Saturday, December 9, 2017


This review was originally written for my Confessions of a Pop Fan blog in 2010 as part of my coverage of the Portland International Film Festival. 

A lot of people are going to call Police, Adjective boring, and I am not going to pretend I won't be one of them. That said, I may be alone in declaring it boring and saying I liked it anyway. Is that possible?

Dragos Bucur stars in Police, Adjective as Cristi, a drug-enforcement officer who is on a case following high school students around, wondering where they buy their hash. He wants to see the chain through and arrest people who really deserve to go to jail; his bosses want him to pick up the pace and arrest the kids for using. Apparently, in Romania, smoking a joint on the street can get you up to eight years in jail. Cristi doesn't want to destroy a kid's life for something acceptable everywhere else in Europe, his superiors bust his balls, and he's forced to make a decision.

Pretty straightforward stuff, but director Corneliu Porumboiu (12:08 East of Bucharest) takes a lot of time hanging around the subject and wondering what it's all about. Long stretches of the film are devoted to Cristi silently tailing his subjects, and equally long chunks of time are given over to mundane tasks. Cristi eating dinner, waiting for a meeting, literally doing nothing. There is one scene where his wife plays a schmaltzy song three times in a row. One more, and I was going to get up and look for the pause button.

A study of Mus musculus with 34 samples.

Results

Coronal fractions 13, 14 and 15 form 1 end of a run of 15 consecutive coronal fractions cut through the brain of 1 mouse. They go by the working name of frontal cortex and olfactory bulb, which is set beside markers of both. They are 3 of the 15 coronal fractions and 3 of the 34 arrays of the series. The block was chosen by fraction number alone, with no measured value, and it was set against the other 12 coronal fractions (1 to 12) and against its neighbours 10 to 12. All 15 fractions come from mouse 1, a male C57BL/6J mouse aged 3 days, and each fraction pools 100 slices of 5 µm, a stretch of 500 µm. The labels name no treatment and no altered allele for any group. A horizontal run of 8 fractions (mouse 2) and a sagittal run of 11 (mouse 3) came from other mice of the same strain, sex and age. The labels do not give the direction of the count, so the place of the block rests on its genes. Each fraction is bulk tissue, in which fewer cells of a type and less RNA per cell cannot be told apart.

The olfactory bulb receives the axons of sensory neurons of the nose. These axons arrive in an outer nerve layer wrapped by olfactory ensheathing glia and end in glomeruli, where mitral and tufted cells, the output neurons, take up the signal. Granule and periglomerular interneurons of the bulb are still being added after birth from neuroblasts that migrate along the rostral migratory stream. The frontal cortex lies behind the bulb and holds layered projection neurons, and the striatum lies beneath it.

These things are dull, even if I can't say I was entirely bored. The real quandary is why they are even there. Isn't there more to this story than the cop's sullen routine? Porumboiu is apparently saying no, there isn't, and using these mundane scenes as an illustration of Cristi's predicament. There is nothing else, so why the fuss? Many will ask the same of this movie. Police, Adjective's saving grace in these sequences is its gritty realism and voyeuristic framing. Apparently, there is still something inherently intriguing about spying on other people's lives.

Cristi is kind of an interesting character, even if his actions aren't all that interesting. He is wrestling with an abstract concept, one his boss boils down to settling on the correct meaning of the words "law," "moral," and "conscience," and reconciling those definitions with the duties of the police. The closest Police, Adjective comes to a climax is a long semantic argument. It mirrors an earlier drunken debate between Cristi and his wife over that song, in which the officer is seemingly incapable of grasping the concept of poetic metaphor. Why can't things just be what they are, why must they be something else? It's the same schism he feels in his brain. Thus, is there any real question what he will do when faced with the same query? If you are police, be police.

Then again, isn't that "police" as noun?